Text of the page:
Abersychan School – First World War battlefields tour

Events and News feature holding image - 220x140This project is part of the Welsh Government’s Remembering the First World War – £1000 grant for secondary schools in Wales scheme. Every secondary school in Wales has the opportunity to apply to receive up to £1,000 to develop creative and innovative projects to commemorate the First World War. For more information and guidance on how to apply, click here.

*All text has been provided by the school

Our idea:

Pupils will gain an insight into how the First World War affected Ypres and the Somme. By visiting trenches and relevant museums, they will develop knowledge and understanding of the causes, events and consequences of First World War, particularly focusing upon the three battles of Ypres and the battle of the Somme. By visiting war graves and laying poppies as well as laying a wreath at the daily Menin Gate memorial, they will develop an appreciation of the importance of remembrance.

What happened:

During the Easter Holidays, Mr Evans, Mr Thomas and Miss Hagerty of the History Department, assisted by Miss Rawles from the English Department, took 43 Year 9, 10 and 11 pupils on a tour of significant WWI Battlefields, cemeteries and memorials around Ypres in Belgium and the Somme in France.

On Friday 11th April, the pupils were able to visit the beautiful medieval city of Bruges and explore the sites from a canal tour of the city. We then moved on to the Hill 62 Museum in Ypres where pupils were able to explore a reconstructed section of German trenches, experiencing just how filthy conditions must have been for the soldiers involved. The pupils also saw the amazing primary evidence collected by the museum as they excavated the site.

On Saturday 12th April, the pupils began the day with a tour of the In Flanders Fields interactive museum in Ypres, which served to really bring to life the horrors of the three battles of Ypres. The pupils then had a guided tour of the Ypres Salient where we visited Essex Farm Cemetery to see the grave of the war poet, John McCrae, as well as the field hospital he served in. We also visited the grave of the Welsh Bard, Hedd Wynn, whose poem The Hero had won the 1917 Eisteddfod after his death fighting near Ypres. We also visited the largest Allied cemetery in the world at Tyne Cot where pupils had the opportunity to place a cross of remembrance on a grave of their choice. Many pupils chose to place their cross on the graves of unknown soldiers to ensure their sacrifice was not forgotten. We finally visited Langemark German cemetery where pupils were shocked at the contrast with the Allied cemeteries they had visited. The pupils then enjoyed some light relief, visiting a delicious Belgian chocolate shop. In the evening we took part in the daily act of remembrance that takes place at the Menin Gate memorial in Ypres. The Gate contains the names of 54,000 British and Commonwealth soldiers who died near Ypres but whose bodies were never found. During the moving ceremony, Jake Tidley and Jessica Roberts laid a wreath on behalf of the staff and pupils of Abersychan School. Afterwards, Jake was able to locate the name of his Great Great Uncle on panel 37 of the gate. He had died in 1915, during the second battle of Ypres.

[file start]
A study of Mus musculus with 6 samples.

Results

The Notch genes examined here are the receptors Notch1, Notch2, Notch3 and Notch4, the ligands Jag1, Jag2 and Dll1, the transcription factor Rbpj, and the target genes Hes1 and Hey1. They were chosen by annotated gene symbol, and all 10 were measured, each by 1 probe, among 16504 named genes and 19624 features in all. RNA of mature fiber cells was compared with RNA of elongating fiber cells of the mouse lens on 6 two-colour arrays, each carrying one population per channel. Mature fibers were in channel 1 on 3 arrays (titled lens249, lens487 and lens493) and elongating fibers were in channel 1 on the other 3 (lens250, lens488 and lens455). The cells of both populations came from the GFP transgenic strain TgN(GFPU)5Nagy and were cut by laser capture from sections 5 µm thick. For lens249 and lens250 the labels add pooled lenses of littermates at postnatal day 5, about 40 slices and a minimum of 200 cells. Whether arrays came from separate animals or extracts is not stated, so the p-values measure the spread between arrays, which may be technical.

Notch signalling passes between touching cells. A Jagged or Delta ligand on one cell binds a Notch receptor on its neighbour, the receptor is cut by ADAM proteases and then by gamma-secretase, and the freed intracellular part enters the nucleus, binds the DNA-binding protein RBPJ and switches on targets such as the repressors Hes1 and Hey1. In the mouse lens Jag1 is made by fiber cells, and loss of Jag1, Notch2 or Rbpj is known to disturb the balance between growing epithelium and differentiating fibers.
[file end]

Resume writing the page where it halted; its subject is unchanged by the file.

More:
111024 - WG_Funded_land_mono jpg - LogoOn Sunday 13th April, the pupils had a tour of the Somme Battlefield, where 420,000 British soldiers had been killed on wounded in 1916. We visited Mametz Wood to see the memorial to the 4,000 soldiers of the 38th Welsh Division who had died. We also visited the Canadian Memorial and the site of the Lochnagar Crater where a huge mine was set off at the start of the battle. We also visited the Thiepval Memorial, which contains the names of 72,000 British and Commonwealth soldiers who died at the Somme but whose bodies were never found. Pupils then visited the Somme Museum in Albert and the Museum of the Great War in Peronne. These museums and the artefacts they contained really helped to bring to life the battle for the pupils.

The pupils found the trip profoundly moving. All agreed that, especially this year on the centenary of the outbreak of WWI, it is more important than ever that we remember the sacrifice of all soldiers who gave their tomorrow for our today.